Professor Gaspar Jekely


Professor Gaspar Jekely

Professor of Neuroscience, Living Systems Institute

‘It is exciting to consider the possibility of having a coffee with a physicist discussing the hydrodynamics of ciliary swimmers and life at low Reynolds numbers.’

Biography:

I undertook my PhD in Genetics at the Eötvös Loránd University, Budapest in 1999 and moved to the EMBL, Heidelberg, Germany as a Postdoctoral Fellow in 2000. I come to the Living Systems Institute from my position as Group Leader at the Max Planck Institute for Developmental Biology, Germany.

Highlights of my career to date:

We work on a marine annelid called Platynereis. Our aim is to develop Platynereis into a 'marine C. elegans' where we can study the neuronal bases of behaviour at a single-neuron resolution in a fully mapped nervous system. One of the highlights of our work has been the systems-level description of larval phototaxis, the spectacular behaviour of directional swimming towards light. In the early larva, phototaxis is mediated by a single-neuron eyespot, representing the simplest neuronal circuit in the animal world. In older larvae, phototaxis is mediated by visual eyes. We reconstructed the synaptic-level map or 'connectome' of the visual circuit, from eyes to muscles, representing the first complete visual circuit that has been mapped in any animal.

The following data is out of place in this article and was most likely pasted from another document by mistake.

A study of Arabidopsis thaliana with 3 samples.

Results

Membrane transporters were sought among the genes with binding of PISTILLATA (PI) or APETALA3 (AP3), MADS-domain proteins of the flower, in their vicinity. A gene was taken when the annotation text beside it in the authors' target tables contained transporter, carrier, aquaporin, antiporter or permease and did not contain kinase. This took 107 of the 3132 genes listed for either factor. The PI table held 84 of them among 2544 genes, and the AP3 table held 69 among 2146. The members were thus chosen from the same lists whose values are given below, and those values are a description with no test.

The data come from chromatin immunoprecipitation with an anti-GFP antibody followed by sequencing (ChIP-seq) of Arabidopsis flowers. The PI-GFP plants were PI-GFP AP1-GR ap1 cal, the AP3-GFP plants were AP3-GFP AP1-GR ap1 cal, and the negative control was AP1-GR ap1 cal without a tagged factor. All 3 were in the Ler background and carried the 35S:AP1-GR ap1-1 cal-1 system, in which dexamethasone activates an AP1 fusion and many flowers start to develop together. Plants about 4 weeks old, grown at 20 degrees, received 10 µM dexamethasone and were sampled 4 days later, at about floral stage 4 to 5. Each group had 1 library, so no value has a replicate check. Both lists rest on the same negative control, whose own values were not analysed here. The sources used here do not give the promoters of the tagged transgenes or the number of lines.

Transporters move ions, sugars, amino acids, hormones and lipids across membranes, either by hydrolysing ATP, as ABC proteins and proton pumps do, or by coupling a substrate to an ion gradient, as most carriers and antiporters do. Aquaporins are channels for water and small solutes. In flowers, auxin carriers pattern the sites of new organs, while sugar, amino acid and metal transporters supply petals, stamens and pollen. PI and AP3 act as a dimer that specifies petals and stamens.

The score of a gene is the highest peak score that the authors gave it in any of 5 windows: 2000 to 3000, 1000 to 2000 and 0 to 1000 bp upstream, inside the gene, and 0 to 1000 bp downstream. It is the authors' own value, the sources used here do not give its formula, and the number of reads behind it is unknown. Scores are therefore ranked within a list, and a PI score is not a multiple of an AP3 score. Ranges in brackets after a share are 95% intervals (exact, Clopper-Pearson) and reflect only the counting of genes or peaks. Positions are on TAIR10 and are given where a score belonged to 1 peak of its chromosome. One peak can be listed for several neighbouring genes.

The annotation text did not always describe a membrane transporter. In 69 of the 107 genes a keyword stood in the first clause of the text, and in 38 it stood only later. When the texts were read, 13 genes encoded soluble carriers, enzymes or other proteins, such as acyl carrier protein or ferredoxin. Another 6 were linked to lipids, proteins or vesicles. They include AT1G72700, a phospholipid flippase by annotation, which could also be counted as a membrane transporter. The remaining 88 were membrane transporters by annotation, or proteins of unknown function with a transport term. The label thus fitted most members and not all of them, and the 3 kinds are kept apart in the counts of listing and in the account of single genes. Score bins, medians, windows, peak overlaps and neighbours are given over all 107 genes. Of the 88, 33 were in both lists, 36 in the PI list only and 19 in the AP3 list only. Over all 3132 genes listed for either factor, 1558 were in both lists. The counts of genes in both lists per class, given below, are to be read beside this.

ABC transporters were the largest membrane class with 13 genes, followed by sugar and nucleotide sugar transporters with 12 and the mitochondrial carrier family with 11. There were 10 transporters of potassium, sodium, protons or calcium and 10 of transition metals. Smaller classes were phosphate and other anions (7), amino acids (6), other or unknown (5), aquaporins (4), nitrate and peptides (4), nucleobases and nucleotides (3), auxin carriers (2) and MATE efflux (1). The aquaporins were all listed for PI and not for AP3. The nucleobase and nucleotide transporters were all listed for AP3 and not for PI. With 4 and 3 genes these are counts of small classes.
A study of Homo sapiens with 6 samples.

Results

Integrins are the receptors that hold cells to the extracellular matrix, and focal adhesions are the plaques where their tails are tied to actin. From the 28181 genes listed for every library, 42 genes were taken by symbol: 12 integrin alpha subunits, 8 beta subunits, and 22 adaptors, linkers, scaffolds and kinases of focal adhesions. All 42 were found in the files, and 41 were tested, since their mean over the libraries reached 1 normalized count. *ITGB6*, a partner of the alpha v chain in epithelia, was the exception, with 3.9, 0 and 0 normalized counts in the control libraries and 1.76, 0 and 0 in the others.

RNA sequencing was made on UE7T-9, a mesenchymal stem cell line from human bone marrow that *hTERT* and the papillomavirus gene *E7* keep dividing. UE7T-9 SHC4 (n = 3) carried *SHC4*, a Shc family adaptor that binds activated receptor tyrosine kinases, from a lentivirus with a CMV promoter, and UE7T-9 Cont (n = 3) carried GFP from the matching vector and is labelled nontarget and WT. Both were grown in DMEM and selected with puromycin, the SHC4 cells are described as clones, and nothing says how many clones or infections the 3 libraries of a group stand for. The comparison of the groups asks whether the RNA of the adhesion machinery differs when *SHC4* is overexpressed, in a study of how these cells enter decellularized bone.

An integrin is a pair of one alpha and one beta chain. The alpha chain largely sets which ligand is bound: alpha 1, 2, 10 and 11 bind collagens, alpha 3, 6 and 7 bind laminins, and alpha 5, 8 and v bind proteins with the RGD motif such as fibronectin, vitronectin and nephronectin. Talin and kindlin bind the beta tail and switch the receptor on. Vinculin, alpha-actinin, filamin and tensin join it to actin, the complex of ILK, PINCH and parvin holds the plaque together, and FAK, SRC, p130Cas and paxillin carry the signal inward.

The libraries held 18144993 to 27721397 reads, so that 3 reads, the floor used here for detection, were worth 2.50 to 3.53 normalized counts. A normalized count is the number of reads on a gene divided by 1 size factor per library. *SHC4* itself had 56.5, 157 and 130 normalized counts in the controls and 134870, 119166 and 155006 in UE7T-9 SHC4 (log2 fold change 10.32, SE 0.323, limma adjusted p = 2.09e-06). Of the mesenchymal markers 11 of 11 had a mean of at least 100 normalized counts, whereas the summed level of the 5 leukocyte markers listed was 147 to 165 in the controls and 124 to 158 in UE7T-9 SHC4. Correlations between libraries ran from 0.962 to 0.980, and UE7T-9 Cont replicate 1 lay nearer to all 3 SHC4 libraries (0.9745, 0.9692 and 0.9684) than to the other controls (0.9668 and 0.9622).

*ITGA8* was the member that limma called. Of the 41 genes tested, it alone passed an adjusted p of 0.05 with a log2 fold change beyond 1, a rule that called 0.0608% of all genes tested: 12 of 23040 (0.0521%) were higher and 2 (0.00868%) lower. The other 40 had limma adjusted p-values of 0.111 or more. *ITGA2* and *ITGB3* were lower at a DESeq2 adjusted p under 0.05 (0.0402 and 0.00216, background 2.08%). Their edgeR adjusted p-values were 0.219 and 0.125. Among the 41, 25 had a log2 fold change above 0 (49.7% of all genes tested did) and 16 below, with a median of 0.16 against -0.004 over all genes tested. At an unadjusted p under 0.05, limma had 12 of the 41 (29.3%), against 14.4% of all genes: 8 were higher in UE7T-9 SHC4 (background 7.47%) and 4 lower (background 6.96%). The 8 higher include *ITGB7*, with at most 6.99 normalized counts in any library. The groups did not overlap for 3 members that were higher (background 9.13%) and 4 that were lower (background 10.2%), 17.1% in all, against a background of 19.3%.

What excites me most about joining the LSI?

It is the unique opportunity of being involved in the establishment of a new institute with its own culture that hopefully will be very open and interactive. I think institutions that don't have such a collaborative spirit miss out on a lot of ideas.

The research work I will be undertaking in the LSI:

We will continue to develop Platynereis as a model for systems neuroscience. We are particularly interested in analyzing circuits, behaviour, and their modulation by chemical signaling at a single neuron resolution. We will have to develop several new genetic and imaging tools to allow for the precise control of genetically identified neurons in fully mapped circuits. We also look forward to interacting with marine biologists in Exeter and in the South West, exploring a diversity of topics, including chemical ecology, marine pollution, and the establishment of new marine invertebrate lab animals.  

Something about me that you can’t google!

But then it will be possible to Google it! So let's meet at tea break in the LSI.